Monday, April 7, 2014

Rauschenberg, Robert

oil and silkscreen ink on canvas
147.3 x 127 cm
The Eli and Edythe L. Broad Collection, Los Angeles, CA, USA
-Fair use-

Robert Rauschenberg (1925-2008) was an American painter and graphic artist who was renowned as an enfant terrible, famous for his 1950s work in the period between Abstract Expressionism and Pop Art. He was born in Texas. His early works anticipated the pop art movement.

He imagined himself first as a minister and later as a pharmacist. It wasn’t until 1947, while in the U.S. Marines that he discovered his aptitude for drawing and his interest in the artistic representation of everyday objects and people. After leaving the Marines he studied art in Paris, but quickly became disenchanted with the European art scene and moved to North Carolina. Soon, country life in North Carolina began to seem small and he left for New York to make it as a painter. During this time in New York, he became very close friends with the painter Jasper Johns, who greatly influenced his work. There, amidst the chaos and excitement of city life he realized the full extent of what he could bring to painting.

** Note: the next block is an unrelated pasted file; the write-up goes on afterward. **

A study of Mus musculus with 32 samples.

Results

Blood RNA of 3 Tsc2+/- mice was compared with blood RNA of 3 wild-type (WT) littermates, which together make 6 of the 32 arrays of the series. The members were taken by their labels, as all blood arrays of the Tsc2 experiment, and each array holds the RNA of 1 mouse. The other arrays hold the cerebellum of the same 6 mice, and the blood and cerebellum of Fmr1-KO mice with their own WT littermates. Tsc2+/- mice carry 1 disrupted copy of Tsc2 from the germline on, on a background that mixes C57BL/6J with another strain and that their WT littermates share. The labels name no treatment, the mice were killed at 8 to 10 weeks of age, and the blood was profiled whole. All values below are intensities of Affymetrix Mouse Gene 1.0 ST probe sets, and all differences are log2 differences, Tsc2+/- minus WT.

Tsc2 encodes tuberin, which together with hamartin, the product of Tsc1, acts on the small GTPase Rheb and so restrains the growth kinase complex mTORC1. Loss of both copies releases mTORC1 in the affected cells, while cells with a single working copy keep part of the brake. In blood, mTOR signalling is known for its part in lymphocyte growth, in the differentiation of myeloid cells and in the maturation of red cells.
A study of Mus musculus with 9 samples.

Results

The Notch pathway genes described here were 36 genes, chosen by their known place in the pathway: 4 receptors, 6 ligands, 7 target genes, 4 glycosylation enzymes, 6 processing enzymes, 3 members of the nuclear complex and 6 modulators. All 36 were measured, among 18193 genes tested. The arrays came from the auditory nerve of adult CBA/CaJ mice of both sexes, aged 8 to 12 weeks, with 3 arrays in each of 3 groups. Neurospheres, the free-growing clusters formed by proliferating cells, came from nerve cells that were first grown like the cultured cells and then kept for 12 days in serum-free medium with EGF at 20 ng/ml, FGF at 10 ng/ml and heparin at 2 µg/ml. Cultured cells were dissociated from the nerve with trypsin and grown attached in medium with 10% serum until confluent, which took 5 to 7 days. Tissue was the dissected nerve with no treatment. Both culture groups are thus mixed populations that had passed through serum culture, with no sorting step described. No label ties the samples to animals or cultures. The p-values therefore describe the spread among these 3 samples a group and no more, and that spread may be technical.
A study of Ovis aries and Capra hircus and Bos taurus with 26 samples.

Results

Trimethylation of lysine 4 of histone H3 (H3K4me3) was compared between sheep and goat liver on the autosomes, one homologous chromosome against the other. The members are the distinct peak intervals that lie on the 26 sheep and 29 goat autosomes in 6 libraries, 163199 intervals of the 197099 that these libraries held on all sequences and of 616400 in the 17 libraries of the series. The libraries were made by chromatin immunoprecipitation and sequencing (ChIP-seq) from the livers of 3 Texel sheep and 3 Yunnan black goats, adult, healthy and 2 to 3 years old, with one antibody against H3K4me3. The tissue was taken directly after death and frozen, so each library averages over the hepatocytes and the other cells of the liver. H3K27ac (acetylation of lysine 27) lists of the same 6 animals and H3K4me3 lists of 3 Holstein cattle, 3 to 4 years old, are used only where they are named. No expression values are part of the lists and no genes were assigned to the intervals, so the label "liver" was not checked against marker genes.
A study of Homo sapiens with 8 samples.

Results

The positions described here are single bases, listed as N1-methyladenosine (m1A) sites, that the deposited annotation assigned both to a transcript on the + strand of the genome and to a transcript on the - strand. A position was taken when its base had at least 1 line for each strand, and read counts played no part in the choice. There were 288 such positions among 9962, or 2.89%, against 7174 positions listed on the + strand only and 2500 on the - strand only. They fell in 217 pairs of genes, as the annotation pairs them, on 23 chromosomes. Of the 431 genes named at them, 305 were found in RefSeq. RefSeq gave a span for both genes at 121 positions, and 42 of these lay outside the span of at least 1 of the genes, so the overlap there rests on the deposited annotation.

His enthusiasm for popular culture and his rejection of the angst and seriousness of the Abstract Expressionists led him to search for a new way of painting. He found his signature mode by embracing materials traditionally outside of the artist’s reach. He would cover a canvas with house paint, or ink the wheel of a car and run it over paper to create a drawing, while demonstrating rigor and concern for formal painting. By 1958, his work had moved from abstract painting to what he termed “combines.” The combines (meant to express both the finding and forming of combinations in three-dimensional collage) cemented his place in art history.

As Pop Art emerged in the ’60s, he turned away from three-dimensional combines and began to work in two dimensions, using magazine photographs of current events to create silk-screen prints. He transferred prints of familiar images, such as JFK or baseball games, to canvases and overlapped them with painted brushstrokes. They looked like abstractions from a distance, but up close the images related to each other, as if in conversation. These collages were a way of bringing together the inventiveness of his combines with his love for painting. Using this new method he found he could make a commentary on contemporary society using the very images that helped to create that society.

From the mid '60s through the '70s he continued the experimentation in prints by printing onto aluminum, moving plexiglass disks, clothes, and other surfaces. He challenged the view of the artist as auteur by assembling engineers to help in the production of pieces technologically designed to incorporate the viewer as an active participant in the work. He also created performance pieces centered around chance. Throughout the ’80s and ’90s he continued his experimentation, concentrating primarily on collage and new ways to transfer photographs.